A decision by the Supreme Court last week upholding an Arizona law imposing harsh penalties on businesses that hire illegal immigrants could foreshadow a serious regulatory headache for national banks that have local mortgage lending subsidiaries.
The majority opinion, written by Chief Justice John G. Roberts on behalf of the court’s five more conservative members, said that Arizona was allowed to add much tougher state penalties to those contained in a 1986 federal immigration law. In legal terms, the court held that federal law did not “pre-empt” the states from enacting and enforcing local licensing laws when it comes to employing illegal immigrants.
In reaching this conclusion, the majority opinion rejected the argument that Congress intended the federal system to be exclusive.
“Implied preemption analysis does not justify a ‘freewheeling judicial inquiry into whether a state statute is in tension with federal objectives;’ such an endeavor ‘would undercut the principle that it is Congress rather than the courts that preempts state law,’” the opinion declared, quoting past cases.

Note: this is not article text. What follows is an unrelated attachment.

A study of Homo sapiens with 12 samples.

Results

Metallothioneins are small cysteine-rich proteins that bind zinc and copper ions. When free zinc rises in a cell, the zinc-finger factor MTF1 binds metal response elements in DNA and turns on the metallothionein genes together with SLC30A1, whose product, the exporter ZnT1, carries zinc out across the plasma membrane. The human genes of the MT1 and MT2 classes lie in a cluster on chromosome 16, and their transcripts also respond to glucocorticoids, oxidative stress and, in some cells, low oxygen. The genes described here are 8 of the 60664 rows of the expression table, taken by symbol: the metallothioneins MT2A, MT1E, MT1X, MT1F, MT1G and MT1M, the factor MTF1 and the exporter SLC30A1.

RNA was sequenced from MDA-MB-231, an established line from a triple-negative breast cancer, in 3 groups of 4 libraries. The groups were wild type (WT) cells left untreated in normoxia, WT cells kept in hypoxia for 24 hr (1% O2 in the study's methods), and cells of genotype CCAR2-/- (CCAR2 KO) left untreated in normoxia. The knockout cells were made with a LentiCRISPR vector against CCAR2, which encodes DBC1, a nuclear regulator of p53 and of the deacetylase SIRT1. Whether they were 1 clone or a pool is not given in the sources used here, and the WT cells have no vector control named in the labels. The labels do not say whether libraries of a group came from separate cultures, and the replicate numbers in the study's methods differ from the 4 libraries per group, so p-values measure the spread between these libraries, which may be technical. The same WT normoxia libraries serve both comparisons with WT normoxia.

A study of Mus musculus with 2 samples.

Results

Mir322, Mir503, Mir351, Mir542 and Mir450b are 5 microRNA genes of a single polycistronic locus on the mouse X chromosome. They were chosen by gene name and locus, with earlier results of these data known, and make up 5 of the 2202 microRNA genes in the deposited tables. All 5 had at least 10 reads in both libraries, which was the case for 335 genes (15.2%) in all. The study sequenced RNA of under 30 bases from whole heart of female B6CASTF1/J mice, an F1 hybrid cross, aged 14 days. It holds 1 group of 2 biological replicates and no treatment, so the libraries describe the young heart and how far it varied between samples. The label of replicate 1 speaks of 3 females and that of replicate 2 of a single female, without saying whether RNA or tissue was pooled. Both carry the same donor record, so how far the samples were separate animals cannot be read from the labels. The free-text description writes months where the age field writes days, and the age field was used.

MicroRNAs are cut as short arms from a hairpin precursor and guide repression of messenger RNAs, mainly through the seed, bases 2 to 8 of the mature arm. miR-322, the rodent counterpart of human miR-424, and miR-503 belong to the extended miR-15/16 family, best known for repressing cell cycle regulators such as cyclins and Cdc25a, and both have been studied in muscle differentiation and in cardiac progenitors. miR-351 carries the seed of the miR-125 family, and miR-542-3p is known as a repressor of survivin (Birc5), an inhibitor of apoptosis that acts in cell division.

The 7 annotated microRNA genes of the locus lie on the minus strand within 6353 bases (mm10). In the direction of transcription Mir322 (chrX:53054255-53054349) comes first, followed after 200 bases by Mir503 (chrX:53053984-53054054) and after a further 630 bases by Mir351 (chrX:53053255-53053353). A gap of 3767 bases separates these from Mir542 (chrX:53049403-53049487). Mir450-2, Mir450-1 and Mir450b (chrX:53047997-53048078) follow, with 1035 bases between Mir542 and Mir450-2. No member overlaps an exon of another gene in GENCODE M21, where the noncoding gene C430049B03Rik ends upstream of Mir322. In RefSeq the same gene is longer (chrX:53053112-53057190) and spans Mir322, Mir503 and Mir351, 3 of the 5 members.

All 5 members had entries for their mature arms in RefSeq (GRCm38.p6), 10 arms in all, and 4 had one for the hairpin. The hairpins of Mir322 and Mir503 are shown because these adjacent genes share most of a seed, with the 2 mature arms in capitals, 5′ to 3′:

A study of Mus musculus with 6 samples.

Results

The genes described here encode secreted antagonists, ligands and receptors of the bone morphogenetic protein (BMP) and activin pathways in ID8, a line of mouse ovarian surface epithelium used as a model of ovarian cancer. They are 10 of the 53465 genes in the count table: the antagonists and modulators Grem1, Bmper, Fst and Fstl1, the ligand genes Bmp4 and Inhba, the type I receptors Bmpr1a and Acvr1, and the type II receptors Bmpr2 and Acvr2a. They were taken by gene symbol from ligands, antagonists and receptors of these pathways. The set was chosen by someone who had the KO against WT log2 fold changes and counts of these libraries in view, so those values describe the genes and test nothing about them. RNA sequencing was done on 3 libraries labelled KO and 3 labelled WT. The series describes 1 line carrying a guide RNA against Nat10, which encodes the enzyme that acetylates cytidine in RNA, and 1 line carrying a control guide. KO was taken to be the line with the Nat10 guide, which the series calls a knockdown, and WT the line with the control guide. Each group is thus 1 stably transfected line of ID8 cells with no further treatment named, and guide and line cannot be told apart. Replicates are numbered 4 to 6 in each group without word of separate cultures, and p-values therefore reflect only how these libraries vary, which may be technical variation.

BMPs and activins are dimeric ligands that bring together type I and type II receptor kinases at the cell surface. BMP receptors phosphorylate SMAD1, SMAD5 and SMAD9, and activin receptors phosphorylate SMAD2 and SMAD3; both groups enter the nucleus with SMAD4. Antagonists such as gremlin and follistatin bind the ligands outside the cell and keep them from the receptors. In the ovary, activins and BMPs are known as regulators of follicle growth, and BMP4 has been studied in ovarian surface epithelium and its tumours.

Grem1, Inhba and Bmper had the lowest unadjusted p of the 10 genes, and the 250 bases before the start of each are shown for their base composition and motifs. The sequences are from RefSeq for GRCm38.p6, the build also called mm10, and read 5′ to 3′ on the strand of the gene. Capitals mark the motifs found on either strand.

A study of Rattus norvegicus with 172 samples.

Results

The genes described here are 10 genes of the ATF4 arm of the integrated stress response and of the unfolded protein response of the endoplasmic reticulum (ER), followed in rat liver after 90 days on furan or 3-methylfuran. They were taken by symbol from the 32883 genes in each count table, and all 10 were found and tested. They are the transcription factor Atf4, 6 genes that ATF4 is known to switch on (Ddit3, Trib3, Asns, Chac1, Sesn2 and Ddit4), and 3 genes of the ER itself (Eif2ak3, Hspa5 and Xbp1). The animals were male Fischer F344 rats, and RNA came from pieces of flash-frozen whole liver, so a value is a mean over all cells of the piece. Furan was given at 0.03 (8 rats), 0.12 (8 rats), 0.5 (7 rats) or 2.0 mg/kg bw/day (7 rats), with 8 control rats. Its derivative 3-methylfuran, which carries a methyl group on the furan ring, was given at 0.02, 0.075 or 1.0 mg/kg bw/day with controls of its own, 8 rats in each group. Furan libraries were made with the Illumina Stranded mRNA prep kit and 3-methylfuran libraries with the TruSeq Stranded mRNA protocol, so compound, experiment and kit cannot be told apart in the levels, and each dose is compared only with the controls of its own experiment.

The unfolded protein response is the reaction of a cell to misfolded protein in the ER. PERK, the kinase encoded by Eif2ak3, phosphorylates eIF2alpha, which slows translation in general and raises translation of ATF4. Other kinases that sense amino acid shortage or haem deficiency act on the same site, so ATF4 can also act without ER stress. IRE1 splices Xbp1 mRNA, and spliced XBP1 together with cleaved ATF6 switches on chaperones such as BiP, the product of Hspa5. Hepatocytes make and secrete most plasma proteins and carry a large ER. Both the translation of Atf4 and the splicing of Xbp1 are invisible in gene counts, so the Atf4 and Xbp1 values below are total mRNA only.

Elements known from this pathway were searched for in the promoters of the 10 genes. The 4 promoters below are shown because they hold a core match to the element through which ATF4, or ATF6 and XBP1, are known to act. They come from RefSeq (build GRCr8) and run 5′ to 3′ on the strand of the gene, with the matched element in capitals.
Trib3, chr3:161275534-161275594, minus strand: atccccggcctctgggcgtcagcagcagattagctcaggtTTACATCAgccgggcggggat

So what does this have to do with banking regulation?
The narrow reading of preemption in this case may undercut a broader reading the Supreme Court gave in 2006 to pre-empt a broad reading under the National Banking Act. That case was decided by a vote of 5-3, with Justice Clarence Thomas sitting out because his son and daughter-in-law worked for the bank in question.
The contest in the banking case was whether states could regulate the state chartered subsidiaries of nationally chartered banks. The state subsidiaries are used by national banks to make mortgage loans, auto loans, small business loans and provide investment advice.
Any opinions? And is it normal for them to undercut rulings made that recently? Is this sloppy, just make shit up to fit the ideology/right wing need du jour, or can these rulings both be correct?